Bill Morris in Building Operations on April 14, 2022

Upper East Side, Manhattan

Building service employees, contract talks, strike vote, Local 32BJ, co-op and condo boards.

Local 32BJ president Kyle Bragg, center, at Wednesday's pro-union rally (image courtesy of 32BJ).

April 14, 2022

With the clock ticking toward an April 20 strike deadline, 10,000 members and supporters of Local 32BJ of the Service Employees International Union — including Gov. Kathy Hochul and U.S. Sen. Chuck Schumer — gathered on Park Avenue on Wednesday in a show of solidarity. At the rally, union members gave their bargaining committee the power to call a strike if a new four-year contract is not hammered out by next Wednesday.

Gov. Hochul announced that she’ll support the city’s 32,000 building service employees if they walk off the job. Manny Pastreich, secretary-treasurer of Local 32BJ, added that the two sides remain “very far apart.”

Two major sticking points appear to be wages at a time of high inflation and the demand that union members pay a portion of their family healthcare costs, which are now borne entirely by building owners, including co-op and condo boards

Kyle Bragg, president of 32BJ, addressed the latter issue at the rally: “Healthcare is a cornerstone of 32BJ. It’s a strike issue. The building owners want us to take money out of our paycheck to pay for healthcare every month, whether we use it or not. We will not stand for premium sharing and we will not stand for anything that disrespects the time and work our members have given over the past two years. We’ve had to fight for every single thing we have in our union contract: paid days off, health care, workplace protection, a pension. This is no exception.”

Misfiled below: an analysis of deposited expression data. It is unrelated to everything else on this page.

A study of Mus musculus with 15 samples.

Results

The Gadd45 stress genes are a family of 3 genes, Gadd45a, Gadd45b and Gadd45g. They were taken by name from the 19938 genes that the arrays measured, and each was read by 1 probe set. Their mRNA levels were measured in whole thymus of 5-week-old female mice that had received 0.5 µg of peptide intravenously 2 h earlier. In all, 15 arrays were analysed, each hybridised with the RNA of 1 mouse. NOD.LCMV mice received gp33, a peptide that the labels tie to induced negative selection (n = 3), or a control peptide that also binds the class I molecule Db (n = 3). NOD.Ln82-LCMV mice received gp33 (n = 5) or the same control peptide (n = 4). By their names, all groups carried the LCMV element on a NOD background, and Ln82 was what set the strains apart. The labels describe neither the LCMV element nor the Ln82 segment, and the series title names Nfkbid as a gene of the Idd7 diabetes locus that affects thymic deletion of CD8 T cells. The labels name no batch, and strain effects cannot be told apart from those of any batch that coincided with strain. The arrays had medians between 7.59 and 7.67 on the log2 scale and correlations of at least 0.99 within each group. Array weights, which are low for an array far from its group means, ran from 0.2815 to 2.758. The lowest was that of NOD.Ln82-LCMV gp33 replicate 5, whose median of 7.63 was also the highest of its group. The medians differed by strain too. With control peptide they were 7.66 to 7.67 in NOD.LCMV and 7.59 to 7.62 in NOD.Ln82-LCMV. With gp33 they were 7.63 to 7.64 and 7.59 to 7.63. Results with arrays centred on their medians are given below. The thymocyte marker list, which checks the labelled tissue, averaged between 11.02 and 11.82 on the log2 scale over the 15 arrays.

Howard Rothschild, president of the Realty Advisory Board on Labor Relations (RAB), which is negotiating on behalf of building owners, pointed out that the strike-authorization vote does mean that a strike is inevitable. “It simply allows 32BJ the option to strike, should we be unable to reach an agreement,” Rothschild said. “The RAB has proposed fair and reasonable wage increases, as well as the sharing of healthcare costs through employee contributions to the premiums, of which employees currently pay zero. Our relationship with the union has resulted in more than 30 years of uninterrupted labor peace, and we continue to work toward that same goal this year.”

The last strike was in 1991. Today, more than 3,000 New York City buildings are staffed by 32BJ doormen, porters, handymen and other workers.


“We’ve had an uptick in calls from management companies that handle large buildings,” says James Park, president of Spark Super, a third-party staffing company. “They’re trying to get quotes on the price of replacement workers. The consensus is to have a backup plan in case things go south, and boards are looking at alternatives. During a strike, for instance, they might forgo an overnight porter, or they might get residents to pitch in to take out the garbage and man the front door. Security is probably the hottest topic.”

Peter von Simson, the chief executive at New Bedford Management, says the company’s strike preparations are complete. “It’s pretty standard,” he says. “First and foremost is security, which includes creating some sort of ID card or proof of identity for residents. It’s going to be up to volunteers to pick up the slack on things like garbage removal, cleaning, checking in on seniors. One of the big keys is to set expectations and make people aware that this is not going to be business as usual.” 

The Council of New York Cooperatives & Condominiums has produced a 16-page manual to help boards prepare for a possible strike.

For the first time in three decades, that looks like a distinct possibility. Emboldened by its sacrifices during the pandemic and by recent union victories at Amazon, Starbucks, the Brooklyn Museum and elsewhere, Local 32BJ has taken an aggressive stance during this year’s negotiations. Pastreich, the local’s secretary-treasurer, tells Crain’s: “I'm a strong believer that you get what you have the power to take.”